Google Android Gaining as Mobile Phone Market Sleeper

By Don Reisinger  |  Posted 2009-09-08

Google Android Gaining as Mobile Phone Market Sleeper

Google's Android platform isn't often cited when end users discuss the leaders in the mobile phone market. Typically, those discussions are dominated by companies such as Apple, Research In Motion and even Microsoft. But it's Google that's quietly gaining ground in the space.  

The company is behind more phone releases running its Android operating system than you might think. Aside from the T-Mobile G1-the first Android-based phone to hit store shelves-HTC's MyTouch 3G is currently offered to consumers. HTC also announced the Tattoo Tuesday that promises some neat functionality for European users. It's the company's fourth Android-based phone.

But HTC isn't alone. Companies like Motorola, LG and even Acer have signed on to produce Android-based products. Google's partners in the Open Handset Alliance have joined at such a rapid rate that the company hopes to have up to 20 Android-based phones available by the end of 2009. It could more than double that number by the end of 2010. And yet, Android doesn't receive the kind of respect or attention Apple does. It's an afterthought when it comes time to analyze the mobile phone market.

Admittedly, that is mainly due to the fact that Android doesn't hold the kind of market share its competitors do. In fact, it's trailing far behind Apple's iPhone, RIM's BlackBerry devices and even Windows Mobile.  

But it may not stay that way much longer. Unlike Apple, which has tied its future to one product, Google decided to follow in Microsoft's footsteps and open up its software to vendors. And unlike Microsoft's Windows Mobile, which provides a subpar experience, Google's Android mobile operating system is a fine alternative to the iPhone.

The Experience

In the cell phone market, providing an experience is a key success factor. If a phone doesn't have a touch-screen, doesn't sport some kind of multitouch technology and doesn't have an App Store, most users won't find as much value in it. Those are requirements that Apple has put in place, and like it or not, its competitors have to play ball.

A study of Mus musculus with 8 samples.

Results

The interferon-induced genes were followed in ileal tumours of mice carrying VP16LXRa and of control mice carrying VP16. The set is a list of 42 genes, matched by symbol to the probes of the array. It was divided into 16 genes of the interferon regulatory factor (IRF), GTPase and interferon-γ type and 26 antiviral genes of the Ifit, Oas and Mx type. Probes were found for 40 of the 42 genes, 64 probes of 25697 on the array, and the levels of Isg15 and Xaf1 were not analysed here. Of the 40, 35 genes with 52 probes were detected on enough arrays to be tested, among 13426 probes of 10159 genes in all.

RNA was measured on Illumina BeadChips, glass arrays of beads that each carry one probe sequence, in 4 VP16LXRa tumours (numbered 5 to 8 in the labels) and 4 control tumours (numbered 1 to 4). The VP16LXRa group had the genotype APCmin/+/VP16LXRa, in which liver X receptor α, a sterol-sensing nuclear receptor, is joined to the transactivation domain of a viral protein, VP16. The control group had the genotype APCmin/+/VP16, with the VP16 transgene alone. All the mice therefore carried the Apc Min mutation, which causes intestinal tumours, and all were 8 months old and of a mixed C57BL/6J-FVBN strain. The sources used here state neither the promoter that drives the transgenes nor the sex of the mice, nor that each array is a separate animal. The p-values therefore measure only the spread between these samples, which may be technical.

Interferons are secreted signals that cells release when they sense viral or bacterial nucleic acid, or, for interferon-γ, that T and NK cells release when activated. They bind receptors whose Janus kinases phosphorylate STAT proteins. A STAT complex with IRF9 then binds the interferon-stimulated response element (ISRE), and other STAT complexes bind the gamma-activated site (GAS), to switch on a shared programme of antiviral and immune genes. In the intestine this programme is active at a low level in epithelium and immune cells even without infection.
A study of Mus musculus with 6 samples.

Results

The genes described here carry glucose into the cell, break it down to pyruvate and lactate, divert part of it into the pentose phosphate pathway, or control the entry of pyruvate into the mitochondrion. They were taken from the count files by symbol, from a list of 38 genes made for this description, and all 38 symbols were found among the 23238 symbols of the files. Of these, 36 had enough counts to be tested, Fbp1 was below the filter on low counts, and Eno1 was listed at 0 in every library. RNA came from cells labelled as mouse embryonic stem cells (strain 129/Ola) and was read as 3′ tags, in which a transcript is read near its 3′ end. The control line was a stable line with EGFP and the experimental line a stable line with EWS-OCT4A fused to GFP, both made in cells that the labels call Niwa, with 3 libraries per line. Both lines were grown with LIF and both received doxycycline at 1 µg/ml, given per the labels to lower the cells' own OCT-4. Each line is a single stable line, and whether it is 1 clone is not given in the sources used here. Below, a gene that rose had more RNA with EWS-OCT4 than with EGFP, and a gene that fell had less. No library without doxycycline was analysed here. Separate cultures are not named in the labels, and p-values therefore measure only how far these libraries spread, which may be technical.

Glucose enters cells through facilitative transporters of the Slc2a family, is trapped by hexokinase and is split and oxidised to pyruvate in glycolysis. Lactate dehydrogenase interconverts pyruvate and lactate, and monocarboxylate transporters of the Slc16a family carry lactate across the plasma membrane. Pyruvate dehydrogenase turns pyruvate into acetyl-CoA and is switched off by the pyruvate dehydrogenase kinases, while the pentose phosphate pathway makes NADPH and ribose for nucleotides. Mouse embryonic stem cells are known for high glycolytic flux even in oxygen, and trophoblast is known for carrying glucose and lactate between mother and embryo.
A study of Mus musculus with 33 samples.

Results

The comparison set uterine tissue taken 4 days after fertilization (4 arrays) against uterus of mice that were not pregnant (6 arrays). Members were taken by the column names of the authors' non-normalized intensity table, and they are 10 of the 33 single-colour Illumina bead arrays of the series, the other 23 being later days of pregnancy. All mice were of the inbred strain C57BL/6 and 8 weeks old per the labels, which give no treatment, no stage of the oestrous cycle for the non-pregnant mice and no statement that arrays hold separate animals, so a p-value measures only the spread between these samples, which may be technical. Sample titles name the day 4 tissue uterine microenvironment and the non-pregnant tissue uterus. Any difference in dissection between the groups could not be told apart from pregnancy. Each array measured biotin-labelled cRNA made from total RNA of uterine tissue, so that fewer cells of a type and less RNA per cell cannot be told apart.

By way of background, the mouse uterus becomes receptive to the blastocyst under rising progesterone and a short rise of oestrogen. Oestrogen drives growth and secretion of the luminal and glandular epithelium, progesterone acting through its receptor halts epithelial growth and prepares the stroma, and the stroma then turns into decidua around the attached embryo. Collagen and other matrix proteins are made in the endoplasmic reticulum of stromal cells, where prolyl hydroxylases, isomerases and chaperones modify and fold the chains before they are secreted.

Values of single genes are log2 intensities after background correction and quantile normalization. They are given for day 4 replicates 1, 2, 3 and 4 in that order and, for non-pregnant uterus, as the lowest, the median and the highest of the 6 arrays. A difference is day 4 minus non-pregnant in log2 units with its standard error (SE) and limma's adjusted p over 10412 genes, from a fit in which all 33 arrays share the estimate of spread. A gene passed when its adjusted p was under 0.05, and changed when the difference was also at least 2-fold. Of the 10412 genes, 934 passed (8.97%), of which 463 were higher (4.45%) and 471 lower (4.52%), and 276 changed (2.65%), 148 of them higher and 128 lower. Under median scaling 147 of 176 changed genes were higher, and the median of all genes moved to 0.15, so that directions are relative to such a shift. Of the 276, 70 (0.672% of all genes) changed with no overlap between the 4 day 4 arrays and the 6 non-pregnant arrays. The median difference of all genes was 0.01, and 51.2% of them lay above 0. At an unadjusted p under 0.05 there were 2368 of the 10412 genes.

And Google is playing ball. Its Android operating system boasts outstanding software that appeals to just about anyone who uses it. In fact, it's a nice alternative to Apple's iPhone software.  

Google Playing Catch-up with Apple


Beyond that, the software is responsive when users tap the touch-screens. And for the most part, Android phones boast a design and feel that compares nicely to anything Apple releases. Simply put, Android phones have the looks, design and software to make them a compelling product for end users.

The App Store

But it doesn't end there. Users are still looking for an app store. Although the Android Marketplace doesn't have the more than 65,000 applications offered in Apple's App Store, Google has done a good job of bringing apps to its platform. Right now, the store has over 3,000 applications. Although that number pales in comparison to Apple's store, Google's marketplace has many more applications than RIM's BlackBerry World (about 2,000 applications) and Palm's Pre (approximately 30 applications).

There might be more variety in Apple's App Store, but many of the applications that users find in Apple's market can be downloaded onto Android phones from the Android Marketplace. Porting applications designed for the iPhone to Android-based phones isn't difficult for developers. That's a key feature as Google tries to bring more apps to its store.


But perhaps the most important reason why Google has a good chance to become a leader in the mobile phone market is its strategy. Instead of offering a single phone, like Apple does, Google has partnered with several vendors to provide the software and let them do all the hard work of selling the devices. And since it's an open-source platform, those vendors can tweak the operating system to make it unique to their vision.

It's doubtful that any single Android-based phone will sell better than the iPhone. Apple's product commands too much attention in the marketplace for that to happen. But it's not beyond the realm of possibility for Android itself to capture more market share than Apple's venerable device. With more available products, a compelling selection of apps and some nice software, many users might find that it's a solid alternative to the iPhone.

And in the process, they might just find that, at least so far, Android's experience is second only to the iPhone's.

So maybe it's time Android gets a little more respect.